Here it says we can see ISS with our naked eye. I was thinking that if we can see this thing with our eyes, then obviously we can take photo with a DSLR. I have Nikon D3300 with 18-55mm lens and Photron Stedy 400 Tripod.

My questions:

  1. what are the setting(shutter speed,exposer) to take ISS clear image?

  2. which lens to use to take ISS image?(18-55mm will be is ok?)


The ISS is rather small. Glance at this photo from Astronomy Picture of the Day which has the space station in front of the moon. A small crop of it shows that it's really not much bigger than the craters when seen from Earth

Space Station over Lunar Terminator

This type of photograph will require a telescope. The moon is 1/2° across and even those huge 600mm lenses for a dSLR when mounted on a DX format sensor still have 2 1/2° field of view.

This type of photograph requires a telescope and precise timing. Its doable, as can be seen.

The other approach is that of a star trail. The ISS (and other satellites) move at a very good clip across the sky - much more than the 1° every 4 minutes that stars do from the rotation of the Earth. The picture below, from Wikipedia, is a 2 minute exposure.

enter image description here

You add the ISS, and you get something more like...

ISS and night sky

From How do I set the focus in long exposure night sky shots?

Ok, so thats not a star trail, but that is the ISS, and that is how it would look (in a stacked photograph) of a star trail too.

The point that is being made here is that the ISS is just another 'star'. A bit brighter than other satellites, but comparable.

As with other star trails, a normal or wide lens will work quite nicely. Just know where and when to point your camera, and photograph it.

For that (which I would argue is the trickiest part), you should go to http://spotthestation.nasa.gov and sign up for alerts.


Here is a sample. Details are in the EXIF https://www.flickr.com/photos/fotos_hkpc/22034958756/

The star trail photo that clearly shows a 'this isn't a star':

  • Lumix G Vario
  • 100mm lens
  • 125 ISO
  • 60 second exposure
  • f/2.8 aperture

Here are pretty good directions: http://shanemurphyphoto.wordpress.com/2012/04/16/imaging-the-iss/


I don't know what setting you need, but the ISS is a small moving item in the orbit. Just use your equipment and try to make a nice picture of the moon. Same situation: Indirect lighten object in the night sky. Then you know the basic setting.

Frankly you will see a white spot, but waitig for the ISS is fun, too.

Update: As MichaelT mentioned, http://spotthestation.nasa.gov/ ist a good starting point to check the dates, because you will see the ISS in bright sunlight (while its night at your place) only a few times of the year. In germany is is during the summer, so laying in the back and watching to sky is quite fine.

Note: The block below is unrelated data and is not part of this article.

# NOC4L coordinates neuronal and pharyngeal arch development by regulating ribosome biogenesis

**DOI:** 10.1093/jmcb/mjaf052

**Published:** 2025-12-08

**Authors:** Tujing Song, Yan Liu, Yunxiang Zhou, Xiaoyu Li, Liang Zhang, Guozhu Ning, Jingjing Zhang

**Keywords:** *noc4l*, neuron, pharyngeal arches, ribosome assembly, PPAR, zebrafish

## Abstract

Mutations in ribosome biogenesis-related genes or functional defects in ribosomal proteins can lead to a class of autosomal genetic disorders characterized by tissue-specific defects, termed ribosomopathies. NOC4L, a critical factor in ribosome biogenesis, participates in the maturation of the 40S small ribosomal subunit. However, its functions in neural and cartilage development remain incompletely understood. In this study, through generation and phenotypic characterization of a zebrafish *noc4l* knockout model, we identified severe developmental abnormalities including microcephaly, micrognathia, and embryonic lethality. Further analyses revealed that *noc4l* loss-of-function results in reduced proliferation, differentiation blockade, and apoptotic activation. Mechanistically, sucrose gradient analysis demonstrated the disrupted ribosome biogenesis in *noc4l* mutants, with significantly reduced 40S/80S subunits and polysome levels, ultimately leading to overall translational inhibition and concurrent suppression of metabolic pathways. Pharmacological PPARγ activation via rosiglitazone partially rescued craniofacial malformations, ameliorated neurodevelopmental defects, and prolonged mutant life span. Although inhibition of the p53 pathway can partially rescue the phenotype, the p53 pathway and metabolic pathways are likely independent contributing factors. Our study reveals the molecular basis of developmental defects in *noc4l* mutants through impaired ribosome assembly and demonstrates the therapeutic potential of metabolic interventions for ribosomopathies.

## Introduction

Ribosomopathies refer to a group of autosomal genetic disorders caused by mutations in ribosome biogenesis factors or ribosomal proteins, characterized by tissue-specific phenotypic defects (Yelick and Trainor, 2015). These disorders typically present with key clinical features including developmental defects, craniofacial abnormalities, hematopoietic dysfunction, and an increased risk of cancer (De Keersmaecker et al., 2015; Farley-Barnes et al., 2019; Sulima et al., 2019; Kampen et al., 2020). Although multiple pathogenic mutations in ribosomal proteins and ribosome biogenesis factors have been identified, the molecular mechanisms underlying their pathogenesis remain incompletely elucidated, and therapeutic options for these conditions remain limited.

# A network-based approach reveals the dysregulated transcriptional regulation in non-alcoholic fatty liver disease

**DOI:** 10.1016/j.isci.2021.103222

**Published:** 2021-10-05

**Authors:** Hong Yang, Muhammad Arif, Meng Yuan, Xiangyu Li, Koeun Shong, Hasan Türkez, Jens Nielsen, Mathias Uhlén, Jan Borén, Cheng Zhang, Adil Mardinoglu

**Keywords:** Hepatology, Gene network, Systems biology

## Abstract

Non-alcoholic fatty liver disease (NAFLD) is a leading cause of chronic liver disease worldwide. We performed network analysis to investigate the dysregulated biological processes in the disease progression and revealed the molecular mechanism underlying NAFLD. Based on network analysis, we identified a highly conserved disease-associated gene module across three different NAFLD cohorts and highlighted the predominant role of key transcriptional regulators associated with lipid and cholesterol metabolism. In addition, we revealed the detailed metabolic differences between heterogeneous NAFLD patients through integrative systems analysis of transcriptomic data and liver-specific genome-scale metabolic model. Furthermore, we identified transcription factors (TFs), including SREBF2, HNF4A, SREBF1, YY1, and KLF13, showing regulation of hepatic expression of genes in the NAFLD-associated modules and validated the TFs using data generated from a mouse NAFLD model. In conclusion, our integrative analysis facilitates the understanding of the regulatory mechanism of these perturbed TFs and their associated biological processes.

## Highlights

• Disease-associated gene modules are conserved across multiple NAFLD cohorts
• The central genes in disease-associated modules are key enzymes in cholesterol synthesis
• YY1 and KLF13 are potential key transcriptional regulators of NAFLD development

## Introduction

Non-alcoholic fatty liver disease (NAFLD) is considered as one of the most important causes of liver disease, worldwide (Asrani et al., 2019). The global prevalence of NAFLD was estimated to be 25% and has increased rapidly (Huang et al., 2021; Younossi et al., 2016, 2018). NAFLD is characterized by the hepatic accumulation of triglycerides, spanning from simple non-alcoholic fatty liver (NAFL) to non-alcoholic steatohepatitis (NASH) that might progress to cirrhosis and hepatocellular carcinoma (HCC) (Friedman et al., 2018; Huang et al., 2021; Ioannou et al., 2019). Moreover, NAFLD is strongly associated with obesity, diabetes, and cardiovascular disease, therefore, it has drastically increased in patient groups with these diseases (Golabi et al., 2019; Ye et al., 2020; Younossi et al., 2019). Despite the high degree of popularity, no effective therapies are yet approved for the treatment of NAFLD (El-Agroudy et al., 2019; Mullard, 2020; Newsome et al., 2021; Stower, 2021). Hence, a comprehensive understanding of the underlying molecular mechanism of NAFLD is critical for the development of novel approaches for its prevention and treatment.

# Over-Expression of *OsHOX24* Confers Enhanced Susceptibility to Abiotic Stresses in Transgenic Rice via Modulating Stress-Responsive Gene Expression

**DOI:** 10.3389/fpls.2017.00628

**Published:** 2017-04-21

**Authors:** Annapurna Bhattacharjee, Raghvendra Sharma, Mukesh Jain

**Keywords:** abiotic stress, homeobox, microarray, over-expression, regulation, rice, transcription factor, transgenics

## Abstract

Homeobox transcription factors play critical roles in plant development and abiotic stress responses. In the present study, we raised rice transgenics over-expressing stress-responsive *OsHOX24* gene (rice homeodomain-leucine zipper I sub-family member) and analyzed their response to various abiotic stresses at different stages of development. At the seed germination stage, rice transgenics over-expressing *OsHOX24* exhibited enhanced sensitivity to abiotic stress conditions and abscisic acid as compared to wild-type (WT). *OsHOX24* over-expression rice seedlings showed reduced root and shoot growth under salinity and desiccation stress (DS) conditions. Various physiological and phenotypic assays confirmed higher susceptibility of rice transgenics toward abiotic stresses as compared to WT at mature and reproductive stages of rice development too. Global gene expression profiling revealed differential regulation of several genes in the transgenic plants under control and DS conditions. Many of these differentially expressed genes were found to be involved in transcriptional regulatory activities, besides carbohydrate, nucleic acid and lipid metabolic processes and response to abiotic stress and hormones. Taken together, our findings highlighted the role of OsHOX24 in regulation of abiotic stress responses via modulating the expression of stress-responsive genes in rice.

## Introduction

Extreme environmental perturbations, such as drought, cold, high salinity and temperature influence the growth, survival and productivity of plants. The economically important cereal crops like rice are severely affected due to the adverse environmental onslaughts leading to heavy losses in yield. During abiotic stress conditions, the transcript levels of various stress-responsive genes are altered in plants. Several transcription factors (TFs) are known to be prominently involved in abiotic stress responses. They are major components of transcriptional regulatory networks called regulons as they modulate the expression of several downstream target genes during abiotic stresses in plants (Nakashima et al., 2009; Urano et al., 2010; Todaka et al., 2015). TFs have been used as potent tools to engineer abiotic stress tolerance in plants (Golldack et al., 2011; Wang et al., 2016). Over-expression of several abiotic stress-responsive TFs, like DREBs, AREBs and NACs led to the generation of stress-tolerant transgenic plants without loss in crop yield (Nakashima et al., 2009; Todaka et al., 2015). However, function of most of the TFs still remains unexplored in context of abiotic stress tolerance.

• yes, too much fun:) i hope i will able to see. hard to find those coordinate. – editinit Dec 11 '15 at 20:40
  • Heavens Above gives information on passes as well and includes the expected magnitude, so you can find the bright ones. – Ross Millikan Dec 14 '15 at 21:22

Regarding still shots, you will definitely need a telescope, probably a barlow, adaptors for the camera to connect with the barlow/scope.

I have been trying to do this for a few months with a Canon EOS M50, a newtonian 150/750 telescope + 3x barlow and my results were not very good so far. I have actually had better results with an iPhone camera pointing directly at the telescope lens recording in slowmo. Also, my barlow is very low quality, so there's that.

From my experience, in order to do it you'll need to set your DSLR to shoot 1/1600 (or less — like 1/2000), ISO 6400 and have it set to shoot continuously at high speed (a fast memory card can help you a lot).

You'll need to mount the camera on the scope, so you'll need an adaptor.

You'll also need to focus manually, which is one of the big problems. People say you should focus on a star and keeping it into focus just before the ISS passes by, but I always had trouble getting into focus. A Bahtinov mask helps you to focus on the star, but the station might still be a bit out of focus when you start shooting. You don't really have time to focus while it passes on the short FOV you'll get.

If you have a nice mount that allows you to move the telescope easily and you can get some red dot scope for pointing the telescope to the right place. You can just move it to a predicted ISS position, shoot everything you can, move it again to another predicted position, shoot again and repeat this as much as you like (at least until you stop seeing it with your eyes). You can get lots of shots this way.